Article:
There’s a difference of opinion on what exactly John Carpenter’s last great movie was. Some believe that it was class-based, sci-fi satire They Live while others step one film back and nominate the conceptually bonkers Prince Of Darkness but most agree that the auteur’s last interesting movie is the flawed but vastly entertaining In The Mouth Of Madness. Anyone who mentions Escape From LA is usually asked to leave the room…
While ITMOM could hardly be classed as “great” Carpenter, it IS very, very FUN Carpenter as he tackles a story strongly inspired by the reality perverting works of H.P. Lovecraft and produces a loosely plotted but energetic headfuck that seems less preoccupied with eliciting scares and more on the cantankerous cinema legend having a bit of a giggle.
Sam Neill – a man renowned for playing stoic and centred men – plays the stoic and centred John Trent, an insurance investigator hired to look into the disappearance of wildly popular but notoriously reclusive horror author Sutter Cane – think Lovecraft with the readership twice that of Stephen King but whose stories can cause disorientation and paranoia in more susceptible readers (just like the Daily Mail, then…). Alongside Cane’s editor Linda Styles, they head off to the mysterious town of Hobb’s End to find either the writer or his manuscript for his latest novel and fairly quickly things start to get weird. A teenage boy with the face of an old man, trapped in a time loop is the first sight to greet them as they get ever closer to their destination but the ever rational Trent dismisses it out of hand but Styles seems to recognize various townsfolk from the enigmatic Cane’s various books, including an old woman who has a rather novel way of keeping her husband close and various creepy faced children but soon a disturbing question arises: what came first, the town or Sutter Cane? Has his writing really conjured this place and everything in it out of thin air and if so, how far has his influence reached. As reality gradually collapses and the denizens of Hobb’s End start getting monstrous make-overs, Trent starts to suspect that he himself could possibly be one of Cane’s character’s written into being by powers gifted to the author by hungry, unfathomable beasts that make their summer home on the edge of our plane of existence. Attempting to get a foothold as the barriers between what is real and what is not are literally torn apart like paper and all of mankind is driven insane, Trent frantically tries to make sure Cane’s manuscript never reaches publication but as one of the characters cynically states before blowing his braind out: “Reality isn’t what it used to be.”
I love anything that even remotely references Lovecraft, be it elder gods or mutating townsfolk, and In The Mouth Of Madness is somewhat of an unofficial greatest hits package – never directly adapting his works but referencing them shamelessly (even the framing technique of the film being a flashback as Trent tells his tale from the relative safety of an asylum cell while unseen chaos reigns outside is the author pure and undiluted).
The cast is impressively highbrow with Neill (faring worse against multi-dimensional monsters than he did against Velociraptors) joined by such heavy hitters in the character actor world as David Warner, John Glover, Jurgen Prochnow and even Charlton fucking Heston – I’ll say it again… CHARLTON FUCKING HESTON.
If seeing Moses himself being directed by John Carpenter in a movie where an old lady grows tentacles and chops up her husband with an axe simply isn’t trippy enough, special effects wizards KNB finish the job with a clutch of gloopy monsters and surreal makeups as the good people of Hobb’s End lose more than their minds. However, true monster enthusiasts may be disappointed that the man who made The Thing chooses this time to keep his monsters under wraps, revealing them in mere flickers and flashes in order to maintain that most Lovecraftian of concepts: that of the indescribable horror emerging from the dark that human words simply cannot do justice to.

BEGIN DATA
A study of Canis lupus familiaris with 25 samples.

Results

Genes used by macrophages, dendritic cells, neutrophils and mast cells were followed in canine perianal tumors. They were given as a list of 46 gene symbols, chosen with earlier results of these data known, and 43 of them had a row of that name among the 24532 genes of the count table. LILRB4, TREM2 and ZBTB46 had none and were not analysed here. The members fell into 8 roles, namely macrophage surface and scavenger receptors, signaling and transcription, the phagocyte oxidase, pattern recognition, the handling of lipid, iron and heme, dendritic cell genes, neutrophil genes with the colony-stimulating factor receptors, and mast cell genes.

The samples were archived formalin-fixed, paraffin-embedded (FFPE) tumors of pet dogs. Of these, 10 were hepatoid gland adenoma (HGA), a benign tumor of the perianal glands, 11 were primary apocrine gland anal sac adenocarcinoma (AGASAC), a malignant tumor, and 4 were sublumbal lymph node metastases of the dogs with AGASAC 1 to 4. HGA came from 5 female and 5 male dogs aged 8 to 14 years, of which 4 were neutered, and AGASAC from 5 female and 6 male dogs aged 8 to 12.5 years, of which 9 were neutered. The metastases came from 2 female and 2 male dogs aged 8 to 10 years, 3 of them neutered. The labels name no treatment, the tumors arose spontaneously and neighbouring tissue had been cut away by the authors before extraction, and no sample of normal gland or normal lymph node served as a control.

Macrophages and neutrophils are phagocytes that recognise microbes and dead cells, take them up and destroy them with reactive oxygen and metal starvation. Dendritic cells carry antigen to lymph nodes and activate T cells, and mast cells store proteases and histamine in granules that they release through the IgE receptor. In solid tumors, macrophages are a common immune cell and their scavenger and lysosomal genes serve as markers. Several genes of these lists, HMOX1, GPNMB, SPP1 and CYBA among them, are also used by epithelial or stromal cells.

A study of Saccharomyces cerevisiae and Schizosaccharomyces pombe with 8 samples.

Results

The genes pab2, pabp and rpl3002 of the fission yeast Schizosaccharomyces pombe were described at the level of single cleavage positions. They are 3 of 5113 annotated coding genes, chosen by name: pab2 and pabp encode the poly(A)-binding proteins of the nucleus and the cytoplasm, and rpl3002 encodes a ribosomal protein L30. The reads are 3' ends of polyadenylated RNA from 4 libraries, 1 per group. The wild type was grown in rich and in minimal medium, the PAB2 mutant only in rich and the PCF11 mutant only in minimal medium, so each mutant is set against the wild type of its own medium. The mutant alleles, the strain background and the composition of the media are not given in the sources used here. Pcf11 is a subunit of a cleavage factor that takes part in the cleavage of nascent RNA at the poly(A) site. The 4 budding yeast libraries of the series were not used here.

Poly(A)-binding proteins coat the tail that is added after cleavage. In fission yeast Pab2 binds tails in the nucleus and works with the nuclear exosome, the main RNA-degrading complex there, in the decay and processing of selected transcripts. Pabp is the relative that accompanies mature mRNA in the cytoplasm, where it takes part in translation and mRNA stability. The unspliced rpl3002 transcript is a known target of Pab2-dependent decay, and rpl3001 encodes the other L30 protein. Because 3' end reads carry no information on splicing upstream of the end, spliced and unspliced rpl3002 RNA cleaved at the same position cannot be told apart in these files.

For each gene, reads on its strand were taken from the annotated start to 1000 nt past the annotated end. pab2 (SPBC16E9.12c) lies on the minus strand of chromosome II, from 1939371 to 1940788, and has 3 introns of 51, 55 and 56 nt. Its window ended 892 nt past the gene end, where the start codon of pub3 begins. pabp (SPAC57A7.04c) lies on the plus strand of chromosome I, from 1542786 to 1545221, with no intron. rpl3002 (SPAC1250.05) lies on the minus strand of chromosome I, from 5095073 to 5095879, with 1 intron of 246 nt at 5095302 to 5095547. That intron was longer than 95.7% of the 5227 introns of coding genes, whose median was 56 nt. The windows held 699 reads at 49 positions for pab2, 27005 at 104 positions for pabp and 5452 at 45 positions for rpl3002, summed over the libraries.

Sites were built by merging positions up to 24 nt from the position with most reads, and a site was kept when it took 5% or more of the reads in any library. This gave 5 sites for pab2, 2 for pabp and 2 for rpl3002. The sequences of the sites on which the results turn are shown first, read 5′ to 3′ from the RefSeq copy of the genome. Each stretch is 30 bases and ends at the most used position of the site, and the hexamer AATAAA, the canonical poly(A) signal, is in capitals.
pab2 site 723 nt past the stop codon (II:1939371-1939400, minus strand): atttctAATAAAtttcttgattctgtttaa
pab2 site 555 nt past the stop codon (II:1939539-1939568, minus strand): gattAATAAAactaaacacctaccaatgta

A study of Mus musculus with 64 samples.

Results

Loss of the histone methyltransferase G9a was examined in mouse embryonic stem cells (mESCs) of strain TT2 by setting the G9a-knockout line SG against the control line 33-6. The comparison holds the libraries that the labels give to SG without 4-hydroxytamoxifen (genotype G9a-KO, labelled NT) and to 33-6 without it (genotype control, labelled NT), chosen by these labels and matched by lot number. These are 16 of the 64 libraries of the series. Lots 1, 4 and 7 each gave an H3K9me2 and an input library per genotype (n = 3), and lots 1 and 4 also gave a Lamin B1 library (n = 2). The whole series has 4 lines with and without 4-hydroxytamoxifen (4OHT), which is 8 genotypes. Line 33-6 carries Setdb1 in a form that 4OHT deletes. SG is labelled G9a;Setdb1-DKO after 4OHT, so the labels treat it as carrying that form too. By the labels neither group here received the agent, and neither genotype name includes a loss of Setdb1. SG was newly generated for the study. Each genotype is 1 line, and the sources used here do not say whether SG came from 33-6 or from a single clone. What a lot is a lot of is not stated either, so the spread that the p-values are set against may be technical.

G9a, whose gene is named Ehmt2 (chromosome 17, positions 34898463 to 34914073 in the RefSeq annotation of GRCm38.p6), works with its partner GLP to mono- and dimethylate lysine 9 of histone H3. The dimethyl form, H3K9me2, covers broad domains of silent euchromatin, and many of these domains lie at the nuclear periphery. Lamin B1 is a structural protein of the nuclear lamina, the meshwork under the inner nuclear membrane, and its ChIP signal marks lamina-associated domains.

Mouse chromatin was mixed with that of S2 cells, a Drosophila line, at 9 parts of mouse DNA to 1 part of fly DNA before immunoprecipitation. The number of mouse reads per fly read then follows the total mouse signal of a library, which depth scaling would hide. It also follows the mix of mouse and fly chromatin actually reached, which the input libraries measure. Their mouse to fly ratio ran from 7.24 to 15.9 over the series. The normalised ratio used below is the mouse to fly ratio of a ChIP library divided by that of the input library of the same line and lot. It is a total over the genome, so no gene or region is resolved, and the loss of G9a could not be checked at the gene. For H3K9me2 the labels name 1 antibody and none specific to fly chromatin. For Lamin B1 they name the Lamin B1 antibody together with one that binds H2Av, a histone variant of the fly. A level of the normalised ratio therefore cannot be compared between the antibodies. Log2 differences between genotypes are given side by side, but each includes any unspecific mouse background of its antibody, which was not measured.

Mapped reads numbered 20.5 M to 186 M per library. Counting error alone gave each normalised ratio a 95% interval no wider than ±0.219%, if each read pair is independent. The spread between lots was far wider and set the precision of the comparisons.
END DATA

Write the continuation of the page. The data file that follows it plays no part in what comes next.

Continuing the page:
Full of arresting images such as an incarcerated Trent decorating both his cell and face with crosses in a sort of Crazy Eye For The Sane Guy type deal or the frenzied dash to safety as a broiling mass of writhing, barely seen creatures emerge from another dimension and rolls after Trent like a tidal wave with teeth, In The Mouth Of Madness still holds the attention despite admittedly being half-strength Carpenter (I know it sounds like I’m being harsh but the guy made Halloween for fuck’s sake) and the plot (scripted looser than a jezebel’s g-string by ex-New Line bigwig Michael De Luca) never tries to rise above it’s weird trappings to be anything more than an admittedly rocking carnival ride.
The third part of Carpenter’s unconnected “Apocalypse Trilogy” (which will give you a clue as whether there’s a happy ending or not) which sits in third place with The Thing and Prince Of Darkness both in filming order and quality, ITMOM is on the positive end of the filmmakers filmography and really just seems like the director is having a mischievously good time simply making a goodnatured movie about the end of the world while chucking in some tentacles and slime for good measure.
As I mentioned earlier, there’s debate about whether the film should be considered as Carpenter’s last great work, but what is certain is that it’s definitely Carpenter’s last great score. The theme, all wailing electric guitars and sexy drums, is the filmmaker simply rocking out to magnificent effect which requires you to physically restrain yourself from head banging, air guitaring and making the devil sign with your fingers.
So give this rather underrated flick it’s due, scrawl some crosses on your face, grab some popcorn and settle down to watch a master at play.
After all, it’s only the end of reality as we know it. No biggie.